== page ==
What does the term mean, and what will it mean for the healthcare industry? Healthcare IT experts consider the features, functions, and favorability factors.
Meaningful use: Two words that have caused consternation, confusion, and carping in the healthcare industry. Until the Obama administration defines what "meaningful use" of electronic health records means, there will be speculation and anxiety among physicians and hospital executives.
To have full access to the approximately $19 billion in net reimbursements for EHRs earmarked in the American Recovery and Reinvestment Act, hospitals must meet the as-yet undefined meaningful user criteria by Oct. 1, 2010, while the similarly undefined physician meaningful user criteria takes effect on Jan. 1, 2011.
With little data to go on, but with billions of dollars potentially at stake, the industry is stumbling forward using only the content-challenged guidelines provided by ARRA. Those guidelines set three major markers for EHR: electronic prescribing, data exchange outside the walls of the organization, and quality measurements.
How ambitious should the goals be?
The promise of EHR interoperability will mean that some day physicians will instantly access a massive electronic medical library to identify an evidence-based course of treatment for a particular patient with a particular set of symptoms or illnesses. Until that day of promise arrives, however, some EHR advocates say meaningful use should concentrate on more pedestrian goals.
Steve Art, senior vice president and CIO for Lutheran HealthCare, a 401-staffed-bed Brooklyn, NY-based health system, says meaningful use should be based on how many people use the EHR system and how well adopted it is, not on what features and functions it has. When a physician orders a medication, Art says, the EHR should ensure that it goes straight to the pharmacy where it is verified and sent directly to the nursing staff, which then administers the order to the patient.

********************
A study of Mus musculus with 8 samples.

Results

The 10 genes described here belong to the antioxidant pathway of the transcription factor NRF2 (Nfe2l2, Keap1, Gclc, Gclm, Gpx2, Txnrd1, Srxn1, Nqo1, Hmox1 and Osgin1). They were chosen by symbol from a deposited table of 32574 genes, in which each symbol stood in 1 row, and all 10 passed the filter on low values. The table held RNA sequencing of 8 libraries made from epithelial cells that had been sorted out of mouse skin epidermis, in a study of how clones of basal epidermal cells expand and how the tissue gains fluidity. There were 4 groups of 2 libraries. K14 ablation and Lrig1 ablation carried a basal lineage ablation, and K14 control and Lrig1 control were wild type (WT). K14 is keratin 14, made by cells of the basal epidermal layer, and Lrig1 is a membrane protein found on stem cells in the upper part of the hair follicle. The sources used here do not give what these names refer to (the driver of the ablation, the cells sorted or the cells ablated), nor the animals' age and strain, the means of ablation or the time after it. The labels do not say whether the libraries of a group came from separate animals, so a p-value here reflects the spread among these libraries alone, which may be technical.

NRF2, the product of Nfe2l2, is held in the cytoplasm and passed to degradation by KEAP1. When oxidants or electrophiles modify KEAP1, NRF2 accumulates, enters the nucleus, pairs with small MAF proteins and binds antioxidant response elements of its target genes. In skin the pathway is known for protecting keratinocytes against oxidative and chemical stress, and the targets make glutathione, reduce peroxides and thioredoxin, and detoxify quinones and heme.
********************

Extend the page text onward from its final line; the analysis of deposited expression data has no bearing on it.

"All of these other things—sharing records and interoperability—are great to have in the future, but we all need a way to get a physician to write an order so the patient gets the right drug at the right time of day at the right place in their body," Art says. "We need a system that helps us not order 45 lab tests."
While federal EHR guidelines would be useful, Art says providers don't need standards that are too specific because each provider knows what it needs and can make the best choices on their own if they aren't overburdened with government regulations. "Hospitals are big enough to understand what is good for us feature- and functionwise and what isn't good for us," Art says. "The question is, at what point do I need to have the software that I buy regulated?"
James R. Morrow, MD, a CCHIT Commissioner and medical director of professional services with Chicago-based technology vendor Allscripts, says meaningful use EHR should effectively track patient data and manage that data for the betterment of the patient. It should include physician order entry and internal system alerts to warn physicians about problems and interactions with the orders like clinical decision support. Meaningful use should also facilitate the import/export of medical reports and lab results. "One of the biggest drawbacks in the paper world is that physicians don't know anything about their patients as a group," says Morrow, who is the former vice president and CIO of North Fulton Family Medicine in suburban Atlanta.
Catherine Bruno, the CIO of Brewer, ME-based Eastern Maine Healthcare, a seven-hospital system, says the federal government could save everyone a lot of trouble and stress if it phased in meaningful use. "My sense . . . is that you either have 'meaningful use' or you don't. If you qualify, you get the money and if you don't, you don't," Bruno says. "Don't have it be all or nothing. There should be different phases so a small hospital could have help getting some funding as they work toward getting a more sophisticated health records over time."
What will meaningful use include?
The stimulus package language says an EHR system should have the capacity to provide clinical decision support, support physician order entry, capture and query information relative to healthcare quality, and have interoperability.
Using that information, Bruno says providers may need to be at a minimum of stage four on the HIMSS Analytics maturity model for EHRs to be eligible for the stimulus incentives from Medicare. "Some are saying you have to be all the way to stage six," says Bruno, explaining that stage four includes CPOE and stage six includes full physician documentation and a closed-loop medication administration system. Bruno says the long-term goal of the government is to improve patient safety and reduce costs. "To meet those goals, you are going to have access to data beyond your own health system," she says.